New internship programs set to benefit diverse group of studentsJun. 8, 2017, 10:09 AM
This summer, Vanderbilt University Medical Center (VUMC) will be the site for two internship programs geared to connect diverse students interested in health care.
In an effort to ensure a more diverse population of professionals in administrative roles, Vanderbilt signed on as one of the organizations providing internship opportunities for minority undergraduate and recent college graduate students through Health Care Connections (HCC).
HCC was founded in 1990 by a small group of health care executives who were inspired by their own internship experiences and later committed themselves to empowering young people to pursue health careers and increasing diversity in the health care arena.
During the 10-week internship, VUMC will host eight interns who will work with senior leaders in seven areas of the Medical Center — Emergency Services/Lifeflight, Ophthalmology, Population Health, Human Resources, Space Management, Interpreter Services at Monroe Carell Jr. Children’s Hospital at Vanderbilt and with the Deputy Chief Executive Officer’s Office.
“We are very committed to diversifying our workforce and developing a pipeline of talented and diverse future employees,” said Traci Nordberg, Chief Human Resources Officer. “Vanderbilt has many programs throughout the Medical Center focused on diversity efforts in clinical and research areas, and we want to complement that by boosting our minority representation in the management level and in administrative roles.
Diversity and inclusion is a key strategy for VUMC, said André Churchwell, M.D., Chief Diversity Officer for VUMC.
“It’s imperative that we build a pathway for people of varied backgrounds to seek employment with us,” said Churchwell, the Levi Watkins Jr. M.D. Professor, professor of Medicine, Biomedical Engineering, Radiology and Radiological Sciences and senior associate dean for Diversity Affairs. “If we are to be a leader in patient care, serve as teachers leading the way in innovation and research, then we need to represent the people that we serve on all levels of the enterprise.”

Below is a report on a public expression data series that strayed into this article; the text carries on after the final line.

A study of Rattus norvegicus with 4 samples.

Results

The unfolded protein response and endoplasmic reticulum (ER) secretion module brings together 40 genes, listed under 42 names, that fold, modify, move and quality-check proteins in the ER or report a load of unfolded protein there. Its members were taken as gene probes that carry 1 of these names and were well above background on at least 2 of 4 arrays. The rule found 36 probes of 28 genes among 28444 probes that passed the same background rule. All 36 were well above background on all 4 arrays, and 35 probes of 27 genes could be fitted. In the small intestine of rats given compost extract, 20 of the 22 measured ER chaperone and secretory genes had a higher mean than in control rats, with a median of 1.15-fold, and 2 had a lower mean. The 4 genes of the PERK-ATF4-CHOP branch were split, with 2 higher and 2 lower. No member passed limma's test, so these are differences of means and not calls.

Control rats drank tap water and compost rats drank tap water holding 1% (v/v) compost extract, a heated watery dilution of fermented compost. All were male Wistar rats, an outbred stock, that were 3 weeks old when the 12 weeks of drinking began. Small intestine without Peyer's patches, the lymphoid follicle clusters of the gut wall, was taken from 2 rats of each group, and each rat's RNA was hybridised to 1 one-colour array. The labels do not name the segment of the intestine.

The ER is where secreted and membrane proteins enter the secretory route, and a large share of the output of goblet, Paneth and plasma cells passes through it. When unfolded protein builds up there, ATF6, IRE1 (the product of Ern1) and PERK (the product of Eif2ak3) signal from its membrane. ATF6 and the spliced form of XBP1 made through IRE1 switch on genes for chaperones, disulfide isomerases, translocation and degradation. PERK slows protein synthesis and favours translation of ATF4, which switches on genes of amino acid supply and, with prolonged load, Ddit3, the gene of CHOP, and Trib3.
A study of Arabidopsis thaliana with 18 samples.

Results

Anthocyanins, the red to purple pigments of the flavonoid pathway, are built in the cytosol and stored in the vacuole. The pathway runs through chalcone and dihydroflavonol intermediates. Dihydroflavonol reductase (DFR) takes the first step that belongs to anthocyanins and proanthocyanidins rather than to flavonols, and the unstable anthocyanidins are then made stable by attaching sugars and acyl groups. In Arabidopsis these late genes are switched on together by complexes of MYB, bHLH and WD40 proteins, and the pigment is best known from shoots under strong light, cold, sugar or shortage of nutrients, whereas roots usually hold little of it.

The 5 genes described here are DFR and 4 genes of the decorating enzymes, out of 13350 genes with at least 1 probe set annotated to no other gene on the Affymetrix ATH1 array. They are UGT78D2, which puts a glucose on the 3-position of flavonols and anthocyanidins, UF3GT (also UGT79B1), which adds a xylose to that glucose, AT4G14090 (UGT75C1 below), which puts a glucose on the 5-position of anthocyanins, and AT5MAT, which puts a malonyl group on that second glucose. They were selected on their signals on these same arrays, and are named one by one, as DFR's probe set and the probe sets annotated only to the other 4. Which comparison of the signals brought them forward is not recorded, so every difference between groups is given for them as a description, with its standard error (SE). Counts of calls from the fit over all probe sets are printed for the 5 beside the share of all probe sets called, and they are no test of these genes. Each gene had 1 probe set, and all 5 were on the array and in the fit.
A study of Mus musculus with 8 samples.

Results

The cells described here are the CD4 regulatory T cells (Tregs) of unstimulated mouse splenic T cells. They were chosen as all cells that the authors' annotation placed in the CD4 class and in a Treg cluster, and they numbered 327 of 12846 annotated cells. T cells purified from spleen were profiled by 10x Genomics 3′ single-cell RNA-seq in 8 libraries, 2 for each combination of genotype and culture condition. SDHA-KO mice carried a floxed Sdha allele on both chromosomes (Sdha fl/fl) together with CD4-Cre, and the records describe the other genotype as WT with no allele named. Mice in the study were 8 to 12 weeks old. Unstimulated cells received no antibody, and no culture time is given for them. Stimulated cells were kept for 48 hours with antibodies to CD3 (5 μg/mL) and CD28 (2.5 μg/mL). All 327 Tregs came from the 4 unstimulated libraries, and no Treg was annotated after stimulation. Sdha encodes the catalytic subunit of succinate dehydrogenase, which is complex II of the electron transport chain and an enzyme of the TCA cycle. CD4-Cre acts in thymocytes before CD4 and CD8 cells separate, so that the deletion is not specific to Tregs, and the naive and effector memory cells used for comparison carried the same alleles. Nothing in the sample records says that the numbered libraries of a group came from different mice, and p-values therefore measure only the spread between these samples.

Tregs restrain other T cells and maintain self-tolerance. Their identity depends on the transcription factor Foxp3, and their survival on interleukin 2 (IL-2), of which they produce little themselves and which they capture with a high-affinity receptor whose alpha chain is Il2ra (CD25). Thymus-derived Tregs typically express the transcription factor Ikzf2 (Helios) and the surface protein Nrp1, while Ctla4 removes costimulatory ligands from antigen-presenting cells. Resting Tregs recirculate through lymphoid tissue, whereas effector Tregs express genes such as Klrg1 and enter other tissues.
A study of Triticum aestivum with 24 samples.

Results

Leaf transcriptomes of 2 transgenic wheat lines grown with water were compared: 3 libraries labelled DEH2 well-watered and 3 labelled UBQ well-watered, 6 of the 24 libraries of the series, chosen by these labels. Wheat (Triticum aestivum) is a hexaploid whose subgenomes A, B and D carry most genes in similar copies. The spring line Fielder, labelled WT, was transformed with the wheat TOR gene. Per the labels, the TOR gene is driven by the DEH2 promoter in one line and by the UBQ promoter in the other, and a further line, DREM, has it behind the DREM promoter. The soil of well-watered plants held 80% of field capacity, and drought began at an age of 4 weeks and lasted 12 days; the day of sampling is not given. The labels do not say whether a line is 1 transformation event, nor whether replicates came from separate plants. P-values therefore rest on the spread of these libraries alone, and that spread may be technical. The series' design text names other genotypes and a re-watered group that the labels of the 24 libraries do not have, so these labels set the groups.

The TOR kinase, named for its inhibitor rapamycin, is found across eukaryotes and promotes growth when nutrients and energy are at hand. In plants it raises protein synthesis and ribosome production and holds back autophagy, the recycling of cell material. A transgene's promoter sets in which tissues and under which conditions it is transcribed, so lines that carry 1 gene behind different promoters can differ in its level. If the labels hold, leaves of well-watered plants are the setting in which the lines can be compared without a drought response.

The HCC Summer Internship Program provides undergraduates and recent college graduates with practical experience, exposure, mentoring, professional development and networking.
Vanderbilt is also working with Nashville Mayor Megan Barry’s Opportunity NOW youth employment program to provide 24 local teenagers and young adults work experience in the health care field.
The Opportunity NOW initiative offers participants, ages 14-24, hands-on experience and access to one of the largest employers in the area.
“It is a wonderful way to introduce Vanderbilt to our future workforce,” Nordberg said. “We are looking forward to working with this youth employment program and helping the next generation develop valuable life skills and confidence necessary to be successful in the workplace.”
Opportunity NOW participants are set to begin in June in the following areas: Nutrition Services, Human Resources Talent Operations, HR — TempForce, Finance, Healthcare Facilities Management, Hearing and Speech Sciences Bill Wilkerson Center, VUMC IT, Business Operations, Bill Wilkerson Center, Bill Wilkerson Center — Communications Office, Children’s Hospital, VUMC Gift Shop, Main OR Perioperative Support, Otolaryngology and the Vanderbilt Voice Center.